Enterprise software solution provider IFS held its World Conference on May 1-May 3 in Atlanta, Ga. The Swedish-headquartered company provides ERP, EAM and ESM to many different businesses globally that are involved in many different industries.

Food and beverage is just one of the industries it serves, however, Rick Veague, CTO for IFS, thinks because the company started first in the nuclear and aerospace industries, its software offers an intrinsic benefit for food and beverage manufacturers needing to improve their traceability efforts.

“In nuclear and aerospace, everything has to be traced in terms of genealogy. And while that’s a different kind of traceability than food, it’s in the DNA of our software that we can track things from bulk quantities down to bin and lot locations down to lot numbers down to the individual quantities,” Veague says.

He says the company manages the receiving, the tracking and the input of all those materials during the manufacturing process to the intermediate goods to the final package goods produced. And this is all done automatically with IFS’ integrated document management.

“If you have material sheets or manufacturing work instructions, those are all revision controlled, and they become objects in our system that are connected to the manufacturing process,” he says. “So if I have a change in my work instructions or my procedures, I want to be able to deliver the right and correct version of that documentation matched to the lot number. And our software will make sure that happens.”

He adds that kind of structure supports food and beverage manufacturers’ food safety efforts as well as helps them with potential audits.

At the conference, IFS spokespeople, including new CEO Darren Roos, made it clear the company will be investing in three areas for its customers:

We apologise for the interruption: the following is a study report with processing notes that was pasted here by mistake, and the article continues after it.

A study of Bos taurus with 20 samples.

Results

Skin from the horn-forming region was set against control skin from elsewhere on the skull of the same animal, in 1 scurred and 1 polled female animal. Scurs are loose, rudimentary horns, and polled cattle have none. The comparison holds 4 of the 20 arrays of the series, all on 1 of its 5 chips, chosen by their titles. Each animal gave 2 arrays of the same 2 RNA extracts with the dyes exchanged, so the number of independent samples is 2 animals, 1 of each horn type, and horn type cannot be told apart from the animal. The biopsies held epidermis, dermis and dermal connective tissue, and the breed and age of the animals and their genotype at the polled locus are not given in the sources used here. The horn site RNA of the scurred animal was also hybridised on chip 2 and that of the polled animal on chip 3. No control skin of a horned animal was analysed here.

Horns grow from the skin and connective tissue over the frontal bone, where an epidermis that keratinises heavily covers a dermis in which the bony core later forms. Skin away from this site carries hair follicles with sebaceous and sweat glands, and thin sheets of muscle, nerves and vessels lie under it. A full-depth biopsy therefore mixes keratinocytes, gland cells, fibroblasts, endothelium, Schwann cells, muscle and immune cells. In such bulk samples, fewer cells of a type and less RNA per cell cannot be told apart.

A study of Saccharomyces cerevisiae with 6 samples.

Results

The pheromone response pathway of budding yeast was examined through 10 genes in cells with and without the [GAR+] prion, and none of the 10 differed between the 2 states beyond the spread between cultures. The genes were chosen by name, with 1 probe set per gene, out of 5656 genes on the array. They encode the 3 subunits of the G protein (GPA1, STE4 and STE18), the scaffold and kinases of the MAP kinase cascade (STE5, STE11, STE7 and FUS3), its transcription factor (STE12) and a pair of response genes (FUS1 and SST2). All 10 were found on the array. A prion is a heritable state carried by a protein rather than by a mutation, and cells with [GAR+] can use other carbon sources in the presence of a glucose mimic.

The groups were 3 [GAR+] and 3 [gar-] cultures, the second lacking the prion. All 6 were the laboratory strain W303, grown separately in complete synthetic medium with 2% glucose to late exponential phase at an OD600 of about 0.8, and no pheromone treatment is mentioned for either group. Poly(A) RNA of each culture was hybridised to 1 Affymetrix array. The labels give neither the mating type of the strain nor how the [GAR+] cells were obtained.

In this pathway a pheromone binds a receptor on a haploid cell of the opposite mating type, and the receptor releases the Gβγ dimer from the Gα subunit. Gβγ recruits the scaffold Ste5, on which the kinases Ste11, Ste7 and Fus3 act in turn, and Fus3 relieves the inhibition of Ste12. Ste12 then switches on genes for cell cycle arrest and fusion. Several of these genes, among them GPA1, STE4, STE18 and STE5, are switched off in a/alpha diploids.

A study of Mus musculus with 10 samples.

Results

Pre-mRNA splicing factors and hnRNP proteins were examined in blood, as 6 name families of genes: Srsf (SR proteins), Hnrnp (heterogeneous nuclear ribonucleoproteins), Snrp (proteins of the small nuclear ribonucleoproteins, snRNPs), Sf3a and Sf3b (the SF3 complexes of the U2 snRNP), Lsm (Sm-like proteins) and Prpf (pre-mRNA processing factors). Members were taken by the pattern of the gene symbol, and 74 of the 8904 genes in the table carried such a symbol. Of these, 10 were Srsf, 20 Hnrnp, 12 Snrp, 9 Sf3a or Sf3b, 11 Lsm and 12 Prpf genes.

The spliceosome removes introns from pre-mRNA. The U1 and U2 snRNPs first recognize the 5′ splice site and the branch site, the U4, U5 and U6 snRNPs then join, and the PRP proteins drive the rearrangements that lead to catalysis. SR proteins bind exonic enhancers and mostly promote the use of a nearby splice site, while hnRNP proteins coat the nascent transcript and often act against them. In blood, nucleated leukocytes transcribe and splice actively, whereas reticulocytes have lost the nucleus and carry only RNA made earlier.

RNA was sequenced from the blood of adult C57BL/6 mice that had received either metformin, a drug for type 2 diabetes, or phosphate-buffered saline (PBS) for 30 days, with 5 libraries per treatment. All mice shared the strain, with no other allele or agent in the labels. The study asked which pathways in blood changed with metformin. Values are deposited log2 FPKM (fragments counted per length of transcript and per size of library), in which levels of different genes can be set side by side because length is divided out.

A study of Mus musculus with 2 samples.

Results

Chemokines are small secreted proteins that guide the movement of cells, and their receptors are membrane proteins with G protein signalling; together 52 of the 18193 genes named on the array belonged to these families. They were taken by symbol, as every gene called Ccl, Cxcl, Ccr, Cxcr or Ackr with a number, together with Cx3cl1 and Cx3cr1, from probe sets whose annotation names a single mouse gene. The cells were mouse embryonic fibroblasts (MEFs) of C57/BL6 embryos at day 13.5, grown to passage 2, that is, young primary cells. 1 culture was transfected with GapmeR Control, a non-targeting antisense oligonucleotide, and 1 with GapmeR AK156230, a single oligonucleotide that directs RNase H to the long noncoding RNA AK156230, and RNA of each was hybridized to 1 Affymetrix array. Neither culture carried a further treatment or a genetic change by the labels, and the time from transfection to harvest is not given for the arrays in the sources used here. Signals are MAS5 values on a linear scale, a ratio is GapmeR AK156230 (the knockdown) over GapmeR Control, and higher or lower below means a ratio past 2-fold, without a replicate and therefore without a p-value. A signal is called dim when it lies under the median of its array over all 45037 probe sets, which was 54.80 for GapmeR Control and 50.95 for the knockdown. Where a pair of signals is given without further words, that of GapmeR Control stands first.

1. Human machine interaction
  2. Predictive maintenance and service
  3. Automation

One particular tool that has been and will be further explored to fuel innovation in these three areas is artificial intelligence (AI).

“AI is an umbrella for a lot of different technologies and functionalities,” IFS Labs director Bas de Vos says.

For instance, IFS wants to improve user experience with its own products so the company is investing in chatbot development to enhance human machine interaction. The concept is similar to Amazon’s Alexa or Apple’s Siri, where a virtual assistant helps humans to perform tasks. In the area of predictive maintenance, de Vos says IFS Labs is using IOT data and machinery capabilities to more accurately predict maintenance needs.

“Predictive can mean a lot—with machine learning, with algorithms, with neural networks, you can predict a lot of stuff,” he says. “But we are focusing our efforts on predictive maintenance…because this is what benefits our customers the most today in the short term.”

Additionally, the company is looking at more ways manufacturing plants can be automated.

“In the ERP world, we still do a lot of things manually, and that’s fine, but there are cases where you can actually improve by extending it to business rules,” he says.

For instance, this can be done by automating purchasing orders that are under a certain amount and pass an intelligent anomaly-detection test.

Other announcements made at the conference were updates to IFS Customer Engagement capabilities and Field Service Management offerings as well as the launch of Applications 10, a new version of its enterprise applications suite.

For more information, www.ifsworld.com.